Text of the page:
As the recent 10-year anniversary of Hurricane Andrew spewed painful reminders of Mother Nature's nasty potential, forecasters have eased earlier hurricane forecasts, saying now that the rest of the year will likely not be as active as earlier anticipated. But that doesn't mean you don't need to worry if you live on the coastline. After all, Andrew hit during an otherwise quiet year.
A consensus of scientists at the National Oceanic and Atmospheric Administration's Climate Prediction Center, Hurricane Research Division, and National Hurricane Center say that because of the strengthening El Niño in the Pacific Ocean, the 2002 Atlantic hurricane season is expected to feature normal to below normal overall activity.
So, the probability of a below-normal season has increased from 20 percent to 40 percent compared to the outlook issued back in May. The likelihood of an above-normal season has decreased from 35 percent to 10 percent, and the probability of a near-normal season has increased slightly from 45 percent to 50 percent.
In a separate forecast made last month by William Gray and Colorado State University, a revised forecast reduces the May prediction of 11 named storms - the biggies, like Andrew - six hurricanes and two major hurricanes to nine named storms, four hurricanes and one major hurricane.
"This is good news for coastal residents. However, this does not mean that there will not be significant United States and Caribbean hurricane spawned destruction," said Gray. "For example, 1992's Hurricane Andrew was the only major storm in a very inactive year but came ashore in south Florida and Louisiana and caused extensive damage."
The Colorado State forecasters say there is a 49 percent probability of one or more major hurricanes hitting somewhere along the U.S. coastline this year.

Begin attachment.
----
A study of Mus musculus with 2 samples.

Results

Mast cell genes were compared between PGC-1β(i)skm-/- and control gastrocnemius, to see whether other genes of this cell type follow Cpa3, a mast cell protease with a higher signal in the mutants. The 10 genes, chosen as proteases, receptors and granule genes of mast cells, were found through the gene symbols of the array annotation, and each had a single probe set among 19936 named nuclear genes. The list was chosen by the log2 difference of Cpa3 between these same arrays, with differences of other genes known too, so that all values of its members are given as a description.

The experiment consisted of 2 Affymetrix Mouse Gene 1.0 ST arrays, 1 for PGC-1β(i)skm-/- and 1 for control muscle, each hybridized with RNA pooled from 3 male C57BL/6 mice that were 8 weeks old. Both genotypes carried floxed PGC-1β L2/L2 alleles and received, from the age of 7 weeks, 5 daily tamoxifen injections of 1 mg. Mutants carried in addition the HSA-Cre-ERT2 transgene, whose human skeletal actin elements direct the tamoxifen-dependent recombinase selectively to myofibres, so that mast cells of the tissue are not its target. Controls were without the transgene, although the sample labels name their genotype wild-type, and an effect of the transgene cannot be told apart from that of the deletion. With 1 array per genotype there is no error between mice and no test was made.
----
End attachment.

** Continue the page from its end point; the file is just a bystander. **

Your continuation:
However, all forecasters warn that normal or below-normal activity can still have dire consequences if a hurricane hits a populated area.
Far more damage can be done by one major hurricane hitting a heavily populated area than by several hurricanes hitting sparsely populated areas or not making landfall at all, according to the National Weather Service. Hurricane-spawned disasters can occur in years with near-normal or below-normal levels of activity.
And the fact that an increasing number of residents are living and vacationing on the U.S. coastline means the danger potential is even greater should a hurricane hit an inhabited region. There are some 45 million permanent residents along the hurricane-prone coastline - and it continues to grow, according to the NWS.
The fastest growth has been in the sunbelt from Texas through the Carolinas. And Florida, where hurricanes hit the most in the U.S., leads the nation in new residents. Holiday, weekend, and vacation times often swell the population in coastal areas 10- to 100-fold.
In addition to the population increase, the amount of money spent on seaside homes has soared as well. In fact, Hurricane Andrew's 1992 total losses of $26 billion would cost in excess of $41 billion today, Christopher Landsea, a research meteorologist with the National Oceanic & Atmospheric Administration, told www.insure.com.
Meanwhile, as 10 years have passed since Hurricane Andrew tore through Florida and Louisiana, killing 23, leaving 135,000 homes damaged or destroyed, and 86,000 people out of work, homes are being built to better withstand hurricanes and other disasters, according to the National Association of Home Builders Research Center.
One of the most critical changes is the more stringent requirement for roof sheathing nailing. The Research Center staff studied several hundred homes immediately after Andrew hit. About 70 percent had moderate to severe roof sheathing loss, which leads to most other structural problems.
One of the first things you should do if you've recently bought a home in a flood-prone area is ask your local emergency management office of American Red Cross chapter about the potential for hurricanes in the area and how you can best protect your family and your home.
You'll also want to make sure you have adequate insurance coverage. Homeowners' policies don't cover flood damage; a separate policy under the National Flood Insurance Program is usually required.
One other important point about flood insurance - it takes 30 days to go into effect.